Trace (excerpt)

Artist: Lily & Honglei
Medium: Digital video, Online virtual world environment and performance, soundtrack
Year of completion: 2009
Video Running Time (original): 7 minutes.
Excerpt Duration: 2 minutes (starting point: 0:00:05:00, ending point:0:00:07:00)
Size: varied

Artist Statement

The video Trace is based on our cyber Chinese garden environment haunted with ancient spirits. It visualizes Derrida’s notion, “The trace is not a presence but is rather the simulacrum of a presence that dislocates, displaces, and refers beyond itself.”

In the beginning of the video, Daiyu, the protagonist of Dream of the Red Chamber, is setting off from her room. Carrying her flower-hoe and basket, she intends to collect fallen petals and bury them in the garden in a late spring day. The camera switches to the second character, a maiden seeking the singing bird in Andersen’s Nightingale. She wanders through the Peony Pavilion and West Tower,gazing on the petals drifting away on the stream. In her deep meditation, three spirits appear from dimmed, submerged zone: Ji Kang is playing Song of Guang Ling before being decapitated for offending officials; Mi Heng is beating the drum while cursing the then Prime Minister and his aides; under the wall, Mengjiang is morning his husband who died during construction of The Great Wall of Emperor Qin. Through the mental process of ‘lamenting, seeking, meditating and expressing,’ Trace brings the spirit of these historic figures or legends embodying free-thinking and expression in Chinese history to a global audience.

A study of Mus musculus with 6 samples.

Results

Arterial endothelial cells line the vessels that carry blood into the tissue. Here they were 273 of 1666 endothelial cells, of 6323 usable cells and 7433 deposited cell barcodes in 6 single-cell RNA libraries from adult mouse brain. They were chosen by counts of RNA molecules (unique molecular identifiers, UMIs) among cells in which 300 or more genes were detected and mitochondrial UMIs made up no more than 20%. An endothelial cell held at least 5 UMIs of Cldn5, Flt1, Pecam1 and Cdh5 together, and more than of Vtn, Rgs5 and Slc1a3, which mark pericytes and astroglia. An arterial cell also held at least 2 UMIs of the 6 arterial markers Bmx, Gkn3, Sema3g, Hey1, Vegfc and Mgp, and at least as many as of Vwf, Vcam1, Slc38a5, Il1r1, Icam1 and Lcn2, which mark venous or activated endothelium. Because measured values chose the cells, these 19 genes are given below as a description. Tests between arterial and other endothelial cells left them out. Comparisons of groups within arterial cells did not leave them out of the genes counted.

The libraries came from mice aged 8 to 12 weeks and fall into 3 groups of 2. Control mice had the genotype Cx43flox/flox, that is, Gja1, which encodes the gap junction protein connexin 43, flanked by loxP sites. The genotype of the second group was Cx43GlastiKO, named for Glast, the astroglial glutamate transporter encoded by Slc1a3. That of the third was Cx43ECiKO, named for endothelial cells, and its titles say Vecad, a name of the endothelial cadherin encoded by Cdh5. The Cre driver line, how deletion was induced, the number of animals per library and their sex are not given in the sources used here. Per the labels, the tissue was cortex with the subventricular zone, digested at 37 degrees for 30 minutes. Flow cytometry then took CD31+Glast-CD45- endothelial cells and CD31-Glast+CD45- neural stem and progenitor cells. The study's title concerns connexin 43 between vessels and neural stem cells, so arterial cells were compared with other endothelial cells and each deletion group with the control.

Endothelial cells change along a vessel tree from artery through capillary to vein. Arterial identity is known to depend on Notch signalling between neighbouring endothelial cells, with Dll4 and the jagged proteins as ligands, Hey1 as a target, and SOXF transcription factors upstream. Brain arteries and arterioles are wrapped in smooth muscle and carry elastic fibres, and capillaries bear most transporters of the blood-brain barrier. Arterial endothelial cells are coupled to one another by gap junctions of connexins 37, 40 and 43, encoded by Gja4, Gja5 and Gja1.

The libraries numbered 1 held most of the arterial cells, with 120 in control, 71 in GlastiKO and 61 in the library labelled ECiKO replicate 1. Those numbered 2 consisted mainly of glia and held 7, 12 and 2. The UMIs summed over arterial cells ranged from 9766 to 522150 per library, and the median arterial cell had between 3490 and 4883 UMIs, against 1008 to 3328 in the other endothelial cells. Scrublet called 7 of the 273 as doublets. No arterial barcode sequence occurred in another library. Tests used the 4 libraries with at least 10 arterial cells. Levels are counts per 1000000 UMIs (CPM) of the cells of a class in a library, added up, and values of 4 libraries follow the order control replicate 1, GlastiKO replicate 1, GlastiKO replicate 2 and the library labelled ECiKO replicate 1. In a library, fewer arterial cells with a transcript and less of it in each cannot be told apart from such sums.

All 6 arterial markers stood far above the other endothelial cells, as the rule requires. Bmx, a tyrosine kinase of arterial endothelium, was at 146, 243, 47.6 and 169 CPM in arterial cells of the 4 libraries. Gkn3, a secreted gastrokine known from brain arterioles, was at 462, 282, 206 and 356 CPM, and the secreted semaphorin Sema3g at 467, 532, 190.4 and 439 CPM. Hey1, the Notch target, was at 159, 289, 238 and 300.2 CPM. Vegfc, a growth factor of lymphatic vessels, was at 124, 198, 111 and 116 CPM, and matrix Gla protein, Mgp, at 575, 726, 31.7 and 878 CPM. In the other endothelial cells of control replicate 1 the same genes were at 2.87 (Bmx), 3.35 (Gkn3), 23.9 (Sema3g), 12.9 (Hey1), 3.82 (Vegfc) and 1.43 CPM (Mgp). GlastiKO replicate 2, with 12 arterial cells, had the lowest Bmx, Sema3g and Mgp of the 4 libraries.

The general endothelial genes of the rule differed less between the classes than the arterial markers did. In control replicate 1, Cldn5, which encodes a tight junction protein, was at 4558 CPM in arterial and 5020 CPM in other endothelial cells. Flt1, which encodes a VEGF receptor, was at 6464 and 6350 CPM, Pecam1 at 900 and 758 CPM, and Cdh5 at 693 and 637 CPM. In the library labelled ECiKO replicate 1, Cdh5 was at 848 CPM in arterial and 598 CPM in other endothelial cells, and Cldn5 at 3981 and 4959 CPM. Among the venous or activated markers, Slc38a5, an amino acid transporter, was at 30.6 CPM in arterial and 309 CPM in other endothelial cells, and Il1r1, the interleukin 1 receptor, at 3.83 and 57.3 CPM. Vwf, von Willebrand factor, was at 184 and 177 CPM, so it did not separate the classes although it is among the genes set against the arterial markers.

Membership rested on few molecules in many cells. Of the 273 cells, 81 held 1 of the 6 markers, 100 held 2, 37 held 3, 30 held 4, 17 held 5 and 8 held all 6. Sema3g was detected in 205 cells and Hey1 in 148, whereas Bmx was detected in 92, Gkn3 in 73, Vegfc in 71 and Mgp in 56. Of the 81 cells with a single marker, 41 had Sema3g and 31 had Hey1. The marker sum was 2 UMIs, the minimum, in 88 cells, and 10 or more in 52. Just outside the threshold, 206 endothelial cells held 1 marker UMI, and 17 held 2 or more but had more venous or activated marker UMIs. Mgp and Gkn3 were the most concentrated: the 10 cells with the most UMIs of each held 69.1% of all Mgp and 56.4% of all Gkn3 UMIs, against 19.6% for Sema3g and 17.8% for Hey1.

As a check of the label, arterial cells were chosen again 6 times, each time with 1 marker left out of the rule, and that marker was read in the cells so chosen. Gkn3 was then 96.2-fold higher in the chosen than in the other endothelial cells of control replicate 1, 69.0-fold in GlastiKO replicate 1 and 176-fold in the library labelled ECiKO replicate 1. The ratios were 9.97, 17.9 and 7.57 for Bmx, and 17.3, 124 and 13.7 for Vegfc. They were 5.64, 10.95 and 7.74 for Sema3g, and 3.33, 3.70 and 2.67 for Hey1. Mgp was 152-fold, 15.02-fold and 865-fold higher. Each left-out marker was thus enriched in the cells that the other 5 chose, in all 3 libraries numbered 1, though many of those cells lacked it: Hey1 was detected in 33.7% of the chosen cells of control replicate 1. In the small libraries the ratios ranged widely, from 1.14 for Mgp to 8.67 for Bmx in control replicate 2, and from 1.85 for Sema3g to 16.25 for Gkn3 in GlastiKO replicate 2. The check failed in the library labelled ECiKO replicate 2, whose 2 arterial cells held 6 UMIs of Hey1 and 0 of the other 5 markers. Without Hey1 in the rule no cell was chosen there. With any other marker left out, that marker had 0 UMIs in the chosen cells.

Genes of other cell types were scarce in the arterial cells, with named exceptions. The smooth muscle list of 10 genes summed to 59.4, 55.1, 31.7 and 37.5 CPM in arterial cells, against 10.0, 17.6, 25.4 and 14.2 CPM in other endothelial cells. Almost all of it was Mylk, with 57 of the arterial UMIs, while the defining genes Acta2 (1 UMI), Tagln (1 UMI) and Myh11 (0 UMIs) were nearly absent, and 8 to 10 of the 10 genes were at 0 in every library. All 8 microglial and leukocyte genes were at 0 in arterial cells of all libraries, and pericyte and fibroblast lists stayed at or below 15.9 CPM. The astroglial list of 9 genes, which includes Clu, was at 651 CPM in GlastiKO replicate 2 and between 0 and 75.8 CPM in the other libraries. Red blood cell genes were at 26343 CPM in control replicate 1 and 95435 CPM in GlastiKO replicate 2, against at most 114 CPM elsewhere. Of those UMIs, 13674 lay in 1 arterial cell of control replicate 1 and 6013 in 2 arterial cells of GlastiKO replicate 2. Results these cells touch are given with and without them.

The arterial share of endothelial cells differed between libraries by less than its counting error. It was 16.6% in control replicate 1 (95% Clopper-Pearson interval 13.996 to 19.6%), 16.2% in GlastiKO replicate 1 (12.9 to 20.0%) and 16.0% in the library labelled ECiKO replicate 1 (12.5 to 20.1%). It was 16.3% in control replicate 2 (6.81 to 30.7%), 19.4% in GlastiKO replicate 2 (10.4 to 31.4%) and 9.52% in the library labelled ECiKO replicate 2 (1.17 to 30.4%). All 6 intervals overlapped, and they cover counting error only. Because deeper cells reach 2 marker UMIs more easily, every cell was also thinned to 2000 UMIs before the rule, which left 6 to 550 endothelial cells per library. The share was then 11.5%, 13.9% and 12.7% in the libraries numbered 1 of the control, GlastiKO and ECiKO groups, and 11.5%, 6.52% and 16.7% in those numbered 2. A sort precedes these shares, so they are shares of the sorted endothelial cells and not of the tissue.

Chinese garden culture becomes our inspirations since it comprehensively encompasses eastern philosophy and aesthetics, as Shen Fu said, ‘it aims to see the small in the large, to see the large in the small, to see the real in the illusory and to see the illusory in the real.’ At the end of 2006, we started building an online virtual Chinese garden, The Grand View Garden referencing to Dream of the Red Chamber, the classical Chinese novel lamenting losses as well as recalling the glorious past. The initial intention is constructing a multimedia presentations space that is difficult to be realized in physical space, while the underlying motivation is that we as immigrant artists had a profound need reconnecting with our roots in Chinese culture through artistic practice. Upon the completion of The Grand View Garden, we invited online community members to participate a series of performances reinterpreting Chinese history and legends, which point to social, cultural and political issues in today’s China.